I know that this sounds odd coming from me, a long term bear, but the mortgage crisis hitting the market today is not as bad as everyone seems to think. Yeah, consumer spending is going to wane, and yes, business activity will dry up somewhat for a short while until this works its way out of the system, but the mortgage crisis is not going to hurt the economy for years on end, and it is not the reason I am a long term bear. There's another reason for that.
Look at it this way: If banks indeed get foreclosures at the worst possible frequency, what is the worst thing that could happen? We're talking about asset backed securities. Yeah, there will be losses, but not 100%, or anything near that. Consider a $10 billion portfolio. Assume the entire portfolio gets foreclosed and returned to the bank (unlikely that the entire portfolio comes back). Assume that the lending institution reverses these properties back into the economy at steep discounts; call it 20%. That's a $2 billion hit, and it hurts, but it won't cripple the lender. In fact, a nimble lender may even find a way to front run the loan for the foreclosed property too, thus solidifying revenue streams, albeit at a lower rate.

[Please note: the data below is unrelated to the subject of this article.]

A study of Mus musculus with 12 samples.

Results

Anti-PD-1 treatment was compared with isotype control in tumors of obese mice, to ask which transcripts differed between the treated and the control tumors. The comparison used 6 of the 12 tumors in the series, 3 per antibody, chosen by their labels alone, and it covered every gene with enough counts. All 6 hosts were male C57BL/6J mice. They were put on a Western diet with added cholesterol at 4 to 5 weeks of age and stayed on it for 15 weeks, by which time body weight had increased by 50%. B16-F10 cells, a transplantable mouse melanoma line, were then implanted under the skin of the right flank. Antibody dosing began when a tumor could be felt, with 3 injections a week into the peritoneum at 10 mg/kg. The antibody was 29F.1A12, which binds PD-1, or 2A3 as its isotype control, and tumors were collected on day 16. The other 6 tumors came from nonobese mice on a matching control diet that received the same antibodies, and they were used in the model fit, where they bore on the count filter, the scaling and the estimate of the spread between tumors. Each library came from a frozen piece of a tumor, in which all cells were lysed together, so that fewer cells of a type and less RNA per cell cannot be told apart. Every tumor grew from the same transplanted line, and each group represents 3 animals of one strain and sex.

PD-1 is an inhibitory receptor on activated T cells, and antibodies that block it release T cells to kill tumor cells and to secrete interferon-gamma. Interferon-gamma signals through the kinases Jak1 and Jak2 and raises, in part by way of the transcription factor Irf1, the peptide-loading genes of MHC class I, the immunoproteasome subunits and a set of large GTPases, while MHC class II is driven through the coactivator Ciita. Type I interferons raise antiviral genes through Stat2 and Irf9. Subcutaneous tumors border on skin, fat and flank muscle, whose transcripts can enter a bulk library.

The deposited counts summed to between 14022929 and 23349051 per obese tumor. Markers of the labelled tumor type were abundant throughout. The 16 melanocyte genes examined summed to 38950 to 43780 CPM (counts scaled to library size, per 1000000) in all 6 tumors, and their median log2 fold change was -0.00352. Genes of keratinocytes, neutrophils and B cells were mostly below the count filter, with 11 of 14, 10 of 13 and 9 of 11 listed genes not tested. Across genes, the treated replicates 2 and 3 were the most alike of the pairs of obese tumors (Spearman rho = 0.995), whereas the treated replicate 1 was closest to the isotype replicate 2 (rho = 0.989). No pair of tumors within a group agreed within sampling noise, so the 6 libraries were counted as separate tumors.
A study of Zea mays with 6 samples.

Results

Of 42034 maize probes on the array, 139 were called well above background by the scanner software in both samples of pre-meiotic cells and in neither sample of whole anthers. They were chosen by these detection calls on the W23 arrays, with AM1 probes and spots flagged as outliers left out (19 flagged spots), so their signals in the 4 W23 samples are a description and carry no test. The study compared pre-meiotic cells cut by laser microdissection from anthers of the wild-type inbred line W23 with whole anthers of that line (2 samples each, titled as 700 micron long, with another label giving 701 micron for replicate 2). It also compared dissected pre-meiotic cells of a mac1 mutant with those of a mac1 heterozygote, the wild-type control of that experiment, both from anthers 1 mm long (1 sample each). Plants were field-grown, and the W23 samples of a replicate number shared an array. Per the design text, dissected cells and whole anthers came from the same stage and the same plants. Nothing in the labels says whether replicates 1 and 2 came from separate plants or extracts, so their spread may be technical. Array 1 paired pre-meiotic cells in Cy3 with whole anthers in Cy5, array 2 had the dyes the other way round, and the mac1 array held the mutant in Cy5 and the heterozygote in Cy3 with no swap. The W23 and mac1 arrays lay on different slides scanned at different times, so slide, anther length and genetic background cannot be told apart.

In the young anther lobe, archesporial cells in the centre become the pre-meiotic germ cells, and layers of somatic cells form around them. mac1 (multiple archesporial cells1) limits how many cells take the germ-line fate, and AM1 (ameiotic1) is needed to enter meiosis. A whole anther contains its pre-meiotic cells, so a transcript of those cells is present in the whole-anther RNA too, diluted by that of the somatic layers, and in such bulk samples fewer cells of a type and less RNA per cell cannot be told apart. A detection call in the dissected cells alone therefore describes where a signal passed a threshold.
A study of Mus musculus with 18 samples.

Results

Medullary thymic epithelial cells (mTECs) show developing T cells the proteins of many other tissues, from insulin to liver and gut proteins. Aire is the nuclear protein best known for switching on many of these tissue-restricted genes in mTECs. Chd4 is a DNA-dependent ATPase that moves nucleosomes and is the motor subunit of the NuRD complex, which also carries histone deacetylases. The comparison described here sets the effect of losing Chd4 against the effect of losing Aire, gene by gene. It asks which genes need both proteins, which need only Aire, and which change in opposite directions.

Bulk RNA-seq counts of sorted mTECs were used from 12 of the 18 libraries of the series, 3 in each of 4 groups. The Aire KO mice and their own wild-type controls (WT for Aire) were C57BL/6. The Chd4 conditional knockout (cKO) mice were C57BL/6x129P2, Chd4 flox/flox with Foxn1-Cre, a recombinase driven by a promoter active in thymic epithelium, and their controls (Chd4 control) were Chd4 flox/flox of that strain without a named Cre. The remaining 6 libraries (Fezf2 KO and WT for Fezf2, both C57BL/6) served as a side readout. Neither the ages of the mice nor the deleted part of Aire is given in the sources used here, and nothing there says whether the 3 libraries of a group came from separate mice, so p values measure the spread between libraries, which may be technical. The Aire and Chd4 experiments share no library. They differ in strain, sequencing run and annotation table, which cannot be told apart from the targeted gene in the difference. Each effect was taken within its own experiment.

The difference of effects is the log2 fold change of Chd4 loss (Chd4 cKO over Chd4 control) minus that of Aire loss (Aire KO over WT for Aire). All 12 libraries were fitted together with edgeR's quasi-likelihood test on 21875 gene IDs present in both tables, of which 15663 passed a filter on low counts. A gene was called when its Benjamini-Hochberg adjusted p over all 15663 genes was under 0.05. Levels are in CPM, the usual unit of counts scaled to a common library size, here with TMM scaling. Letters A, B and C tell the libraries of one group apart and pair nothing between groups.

From a report recently published by the street, Wells Fargo currently holds $33 billion in mortgages for sale; Bank of America currently holds about $6 billion; And Citigroup currently holds about $7.5 billion worth of mortgages for sale. The balance of their mortgage portfolios have already been sold to distribute risk and to free up capital.
Using the 20% estimate, WFC would lose $6.6 billion in real assets; BAC could lose $1.2 billion; C could lose $1.5 billion. Losses will also stem from hedge fund trading errors, and derivative trading miss-steps, so don't think this is the sum of losses by any means, but this gives you an idea of the hard asset losses facing these firms, and this gives you an idea of their relative ability to stomach those losses. In each instance, their ability to handle these losses is significant.
In the near term these firms, and others like them, will have substantial balance sheet write-downs, but those won't last forever. In fact, in many cases, these write downs may be more paper than hard asset losses.
I don't want you to change your thinking long term, because the market is headed substantially lower over time, but not for the reasons facing the market in relation to the current mortgage mess. The Investment Rate explains why the market will fall over time, and it is the rationale for my long term bearish stance, not the current situation in the economy.